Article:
Starting Pitching Review
It is review time at Value Picks. Since I wasn’t here writing the starting pitcher VP from the jump, I don’t have any preseason picks to review, so we’ll dive in around late-April when I signed on and break the season up into a few segments.
If you didn’t make a move for Chris Capuano until he appeared in VP, you missed his brilliant April, but you still enjoyed plenty of valuable outings from the veteran lefty. He maintained a sub-3.00 ERA deep into July, and only a handful of bad outings (including turns in the ever-dangerous Coors Field and against the potent St. Louis offense) have pushed his ERA up to 3.69 on the season. The solid strikeout rate and 1.21 WHIP have given him plenty of value given the cost of acquisition.
On May 9, R.A. Dickey was still available in 70 percent of Yahoo! leagues and 80 percent of ESPN leagues because an ugly mid-April start (eight ER) against Atlanta left him with an unimpressive 3.76 ERA through six starts. I won’t even pretend I saw this coming, but from that point on he had a 2.74 ERA and 1.02 WHIP in 189 1/3 innings with 190 strikeouts and 16 wins. His season has been positively amazing.
Worst Calls: Erik Bedard was a good short-term call (3.54 ERA in the six starts following his VP debut), but that ended in disaster. Bedard had a 6.35 ERA from June on and was eventually cut from the Pirates. Thankfully, he was no doubt cut from fantasy teams well before the Pirates finally made the move themselves.
As bad as Bedard was, Jake Arrieta would kill for those numbers. He appeared in the May 24 edition of VP because I liked his peripherals despite what the surface stats were telling us. Turns out I should’ve listened to the surface stats because the peripherals remained sharp (9.4 K/9 and 2.9 K/BB in 52 2/3 innings), but he has a horrid 7.69 ERA since being recommended.
Ivan Nova similarly carried peripherals that portended future success as he developed into a bona fide strikeout pitcher (9.0 K/9 at the time; 8.1 for the season). Alas, he couldn’t curb his home run issues (similar to teammate Phil Hughes), which limited his upside all year and leaves him with a 5.02 ERA entering the final series of the season.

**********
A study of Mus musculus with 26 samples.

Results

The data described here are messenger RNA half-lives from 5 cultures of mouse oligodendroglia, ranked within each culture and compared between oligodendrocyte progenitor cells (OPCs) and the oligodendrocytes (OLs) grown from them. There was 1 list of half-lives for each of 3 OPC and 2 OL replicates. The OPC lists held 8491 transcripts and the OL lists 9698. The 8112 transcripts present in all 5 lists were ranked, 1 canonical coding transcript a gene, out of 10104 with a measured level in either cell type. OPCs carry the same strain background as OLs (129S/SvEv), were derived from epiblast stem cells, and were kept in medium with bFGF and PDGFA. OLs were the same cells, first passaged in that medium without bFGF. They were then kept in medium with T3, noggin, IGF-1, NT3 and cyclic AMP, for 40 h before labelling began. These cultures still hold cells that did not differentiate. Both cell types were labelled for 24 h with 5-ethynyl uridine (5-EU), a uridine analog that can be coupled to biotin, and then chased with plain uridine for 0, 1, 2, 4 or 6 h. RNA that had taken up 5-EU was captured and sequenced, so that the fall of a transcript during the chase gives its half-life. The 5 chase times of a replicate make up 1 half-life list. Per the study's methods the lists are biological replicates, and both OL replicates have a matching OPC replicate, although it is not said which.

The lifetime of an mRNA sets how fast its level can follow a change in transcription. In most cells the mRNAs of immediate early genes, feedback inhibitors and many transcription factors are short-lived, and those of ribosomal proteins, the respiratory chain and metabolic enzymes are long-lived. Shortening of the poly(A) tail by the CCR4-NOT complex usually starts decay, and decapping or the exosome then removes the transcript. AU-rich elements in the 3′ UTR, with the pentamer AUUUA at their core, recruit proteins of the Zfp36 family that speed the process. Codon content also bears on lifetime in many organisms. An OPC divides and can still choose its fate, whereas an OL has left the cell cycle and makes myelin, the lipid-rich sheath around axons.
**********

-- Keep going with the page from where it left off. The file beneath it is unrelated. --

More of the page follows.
The second that the Braves mentioned Kris Medlen was being stretched out to start, I added him to VP. I am a big fan of this guy and couldn’t wait to see him get a shot, especially as Randall Delgado and Mike Minor continued to waste their chances. Minor turned his season around, but Delgado eventually relinquished his spot in July and Medlen made the Braves look great for the move. Since joining the rotation on July 31, Medlen has a 0.97 ERA in 83 2/3 innings with 84 strikeouts and 10 walks. None of those numbers are misprints.
Mike Fiers made the June 21 edition after putting together four solid starts that yielded a 3.46 ERA, 1.19 WHIP, and 24 strikeouts in 26 innings. He also had just four walks. He was an unknown commodity as a 27-year-old rookie, but he didn’t let me (or those who listened) down after my VP recommendation.
He was brilliant right out of the gate with a 0.68 ERA and 43 strikeouts in 40 post-VP innings running through July. Things have been a bit rockier since then, but he still has 58 strikeouts in 55 2/3 innings across August and September, so the peripherals have held steady throughout, even as the ERA ballooned a bit in the dog days. I recommended teammate Marco Estrada first in May as an NL-only guy but then again in July as a mixed league option, and he has been on fire since that second appearance (3.31 ERA and 77 Ks in 81 2/3 IP).
Brett Anderson made the July 26 edition as an AL-only guy after his first rehab start so fantasy leaguers could get a jump on the well-known lefty.
Worst Calls: I fell for Trevor Bauer.
Even as an NL-only option, Christian Friedrich has been wretched since appearing in the June 6 edition. I can go a little easy on myself because all Colorado starters became worthless once they switched to the pitch count limit, but it was still a bad call, and he did plenty of damage to anyone who bought in before the switch was made.
Home runs just kill pitchers. Ask Zach McAllister if you don’t believe me. He has posted a 4.72 ERA since appearing as a VP in mid-July, and 12 of his 40 earned runs came in two ugly starts during which he allowed six home runs. He has allowed 12 home runs in his other 109 1/3 innings this year.
We are at a point now where I will need approximately 100 great innings in a row to believe in Luke Hochevar again, even as an AL-only option. And even then, I will still be cautious. He is on the cusp of Lirianodom for me. No matter what Francisco Liriano does, I will never fully trust him. You’re next, Luke.
A.J. Griffin re-entered the rotation in September and picked up right where he left off back in July, posting a 3.09 ERA, 1.17 WHIP, 7.5 K/9, and 4.1 K/BB in 35 innings with a 4-1 record. The under-the-radar rookie was one of many Oakland Athletics who unexpectedly came up huge to help fuel this dream season in the Bay Area. He only threw about 80 innings, but he definitely helped fantasy owners get a quality arm in their lineup when they needed to replace an injured or under-performing pitcher.
Worst Calls: Nate Eovaldi appeared three times this year, so he could have appeared in more than one of these Worst Call sections. We’ll stick him here. He was the same guy in LA and Miami with uninspiring peripherals, far too many hits, and subsequently bad results. I still like him in the long-term, but I read too much into his tiny runs of success throughout the year.
Jose Quintana first appeared on July 4, and he was great from that point until August 29, when he appeared again as an incumbent VPer. He had a 3.41 ERA in 60 2/3 innings before the second appearance, which as terrific. From August 29 on, however, he was awful: 7.25 ERA in just 22 1/3 innings, going more than five innings just once in the five starts.